L’Hostaria brings community to the walls, and the table
If You Go …
What: L’Hostaria 18th Anniversary Art Show & Party
When: Saturday, Nov. 15, 5:30 - 7 p.m.
Where: L’Hostaria, 620 E. Hyman Ave.
More info: 970-925-9022
Photographer Jim Paussa and Chef Tiziano Gortan this summer hatched an idea for a photography show at Gortan’s downtown Aspen restaurant, L’Hostaria, to celebrate its 18th anniversary and the people who have made it a success. The result is a series of 15 large format portraits, rendered in rich black and white, capturing the people of Aspen.
Paussa’s subjects range from Aspen Music Festival and School students to dancers from Aspen Santa Fe Ballet, from ski patrollers to Mountain Rescue volunteers, from architect Charles Cunniffe to master sommelier Jay Fletcher.
“I just wanted to shoot stuff that’s community-minded,” Paussa explained. “The real stuff that’s going on, the real people that serve the community.”
The show also invites a bit of life imitating art imitating life. Paussa’s portrait of longtime local abstract artist Betty Weiss will be positioned beside Weiss’s regular table in the L’Hostaria dining room, where she eats several times most weeks.
“The idea is to celebrate 18 years of L’Hostaria, and to use the walls of the restaurant to have an art show related to the community we serve,” Gortan said over lunch at his Elk Run home this week with his wife, Enrica, and Paussa. He moved from the table to the kitchen — where he prepared a penne with aged ricotta and truffle salt — in bare feet and an Aspen Volunteer Fire Department T-shirt.
Gortan has made the restaurant and bar a respected fine dining destination as well as a warm, welcoming, locals-friendly space, staying open through the offseasons, keeping the bar menu affordable and the drinks generously poured. His approach has helped make L’Hostaria an inclusive oasis in a town that elsewhere often feels socially stratified between the haves and have-nots. The photography show, like the restaurant itself, seeks to transcend the wide socio-ecomomic gap between the ski bum and the billionaire.
“It’s become a social place where people feel at home,” Gortan said. “That’s the goal.”
The chef and the photographer decided to move forward with the show in July. Once they decided on the concept, they ran into the difficult task of editing Paussa’s work and selecting who would be featured in the show. It’s decidedly not a “who’s who” kind of exhibition, they said, not making judgments about who is important and who — in their absence — is not. Instead, the portraits aim to give a glimpse of a cross-section of the Aspen community.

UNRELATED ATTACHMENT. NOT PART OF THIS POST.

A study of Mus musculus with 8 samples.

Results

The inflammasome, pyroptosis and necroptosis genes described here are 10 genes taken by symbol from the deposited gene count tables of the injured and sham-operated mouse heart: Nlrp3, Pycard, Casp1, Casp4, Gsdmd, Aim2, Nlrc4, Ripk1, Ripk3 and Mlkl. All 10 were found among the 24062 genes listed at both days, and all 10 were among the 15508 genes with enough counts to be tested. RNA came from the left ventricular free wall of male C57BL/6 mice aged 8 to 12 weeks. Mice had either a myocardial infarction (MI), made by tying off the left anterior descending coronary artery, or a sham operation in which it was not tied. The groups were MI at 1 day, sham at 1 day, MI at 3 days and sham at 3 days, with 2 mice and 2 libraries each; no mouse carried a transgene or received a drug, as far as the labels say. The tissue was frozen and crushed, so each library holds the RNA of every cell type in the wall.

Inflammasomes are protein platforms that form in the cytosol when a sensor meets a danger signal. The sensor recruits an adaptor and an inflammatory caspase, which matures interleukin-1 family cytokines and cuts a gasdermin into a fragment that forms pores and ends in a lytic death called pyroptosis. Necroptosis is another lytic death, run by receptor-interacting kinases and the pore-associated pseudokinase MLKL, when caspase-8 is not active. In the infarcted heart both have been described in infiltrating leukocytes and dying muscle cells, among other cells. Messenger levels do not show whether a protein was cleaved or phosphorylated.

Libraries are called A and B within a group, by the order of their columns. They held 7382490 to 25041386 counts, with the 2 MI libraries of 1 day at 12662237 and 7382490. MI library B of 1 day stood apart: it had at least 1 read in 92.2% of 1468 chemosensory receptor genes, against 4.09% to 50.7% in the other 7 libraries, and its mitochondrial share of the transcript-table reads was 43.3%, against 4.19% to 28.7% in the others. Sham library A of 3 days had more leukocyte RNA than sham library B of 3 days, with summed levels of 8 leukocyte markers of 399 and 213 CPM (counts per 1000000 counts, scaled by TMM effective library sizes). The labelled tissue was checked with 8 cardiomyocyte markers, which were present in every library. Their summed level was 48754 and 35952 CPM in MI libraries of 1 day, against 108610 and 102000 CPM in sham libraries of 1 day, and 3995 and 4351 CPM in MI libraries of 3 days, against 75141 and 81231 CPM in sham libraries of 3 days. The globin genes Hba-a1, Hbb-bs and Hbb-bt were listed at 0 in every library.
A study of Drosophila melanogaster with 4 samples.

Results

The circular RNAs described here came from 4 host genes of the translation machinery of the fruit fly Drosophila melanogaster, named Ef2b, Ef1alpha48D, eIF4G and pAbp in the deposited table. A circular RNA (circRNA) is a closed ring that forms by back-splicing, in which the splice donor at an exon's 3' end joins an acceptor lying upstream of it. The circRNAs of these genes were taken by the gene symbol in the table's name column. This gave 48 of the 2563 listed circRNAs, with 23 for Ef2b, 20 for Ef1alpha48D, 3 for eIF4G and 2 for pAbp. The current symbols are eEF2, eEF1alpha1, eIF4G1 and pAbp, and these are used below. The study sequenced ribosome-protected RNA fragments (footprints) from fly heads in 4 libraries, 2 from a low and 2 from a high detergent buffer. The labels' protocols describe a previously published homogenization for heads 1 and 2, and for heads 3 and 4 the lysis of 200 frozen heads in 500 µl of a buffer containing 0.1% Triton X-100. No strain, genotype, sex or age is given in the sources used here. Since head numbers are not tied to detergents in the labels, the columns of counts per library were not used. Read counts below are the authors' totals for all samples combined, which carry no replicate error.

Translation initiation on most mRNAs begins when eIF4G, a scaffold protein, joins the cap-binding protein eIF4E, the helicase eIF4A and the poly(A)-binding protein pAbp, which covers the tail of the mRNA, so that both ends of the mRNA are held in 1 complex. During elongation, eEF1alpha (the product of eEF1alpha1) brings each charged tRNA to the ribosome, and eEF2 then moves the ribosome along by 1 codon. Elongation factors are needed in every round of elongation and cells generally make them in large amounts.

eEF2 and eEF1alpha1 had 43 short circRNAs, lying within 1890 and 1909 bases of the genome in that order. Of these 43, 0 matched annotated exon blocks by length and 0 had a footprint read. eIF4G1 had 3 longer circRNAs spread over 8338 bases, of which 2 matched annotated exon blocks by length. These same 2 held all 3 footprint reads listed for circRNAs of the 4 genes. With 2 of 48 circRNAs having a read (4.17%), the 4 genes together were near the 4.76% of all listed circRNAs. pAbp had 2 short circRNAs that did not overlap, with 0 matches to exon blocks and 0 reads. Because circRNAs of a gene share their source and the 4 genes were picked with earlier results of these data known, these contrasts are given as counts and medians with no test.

Paussa had one previous show at the restaurant, where art exhibitions have included bicycle displays and, most prominently, the work of Italian painter Giacomo Piussi, whose distinctive “pasta lady” has been featured on the menu, advertisements and on L’Hostaria’s walls for years.
Paussa’s large, frameless prints will be hung with wooden pushpins made by Gortan’s father, a fourth-generation furniture maker in northern Italy. The show will be on the walls at L’Hostaria through the winter. It will be unveiled at the restaurant’s 18th anniversary party Saturday, which will also have appetizers and wine on the house, with music from the Carbondale-based No Joes.
The local rock band, formerly the No Ordinary Joe Schmoes, comprised of Colorado Rocky Mountain School juniors, was formed in 2008 when its members were in middle school. The Joes won the Jazz Aspen Snowmass Band Battle four years in a row as middle schoolers and have since been regulars at Mountain Fair and on the local stage at the Jazz Aspen Snowmass Labor Day Experience, while touring around Colorado (and last summer playing gigs beyond the state borders for the first time).
“We wanted a band from here,” said Gortan. “It’s fitting with the idea of supporting the community.”
Gortan was trained as a chef in Italy — beginning in kitchens in his hometown, Udine, as a teenager — and came to Aspen to serve as head chef at La Baita on Aspen Mountain. After two winters there, he opened L’Hostaria in 1996 with partners Christina and Dante Medri, focusing on Old World Italian cooking and atmosphere.
Gortan said he has aimed to make L’Hostaria a place where people don’t simply come to pay money for food and drink, but a welcoming gathering place with the spirit of wineries and restaurants in his home region, some of which have been running for as many as 20 generations.
“Nothing happened by chance for me,” Gortan said of the attention to detail and cultivation of community spirit at L’Hostaria. “The goal at the beginning was to have a restaurant like in Italy, where it becomes a historic place.”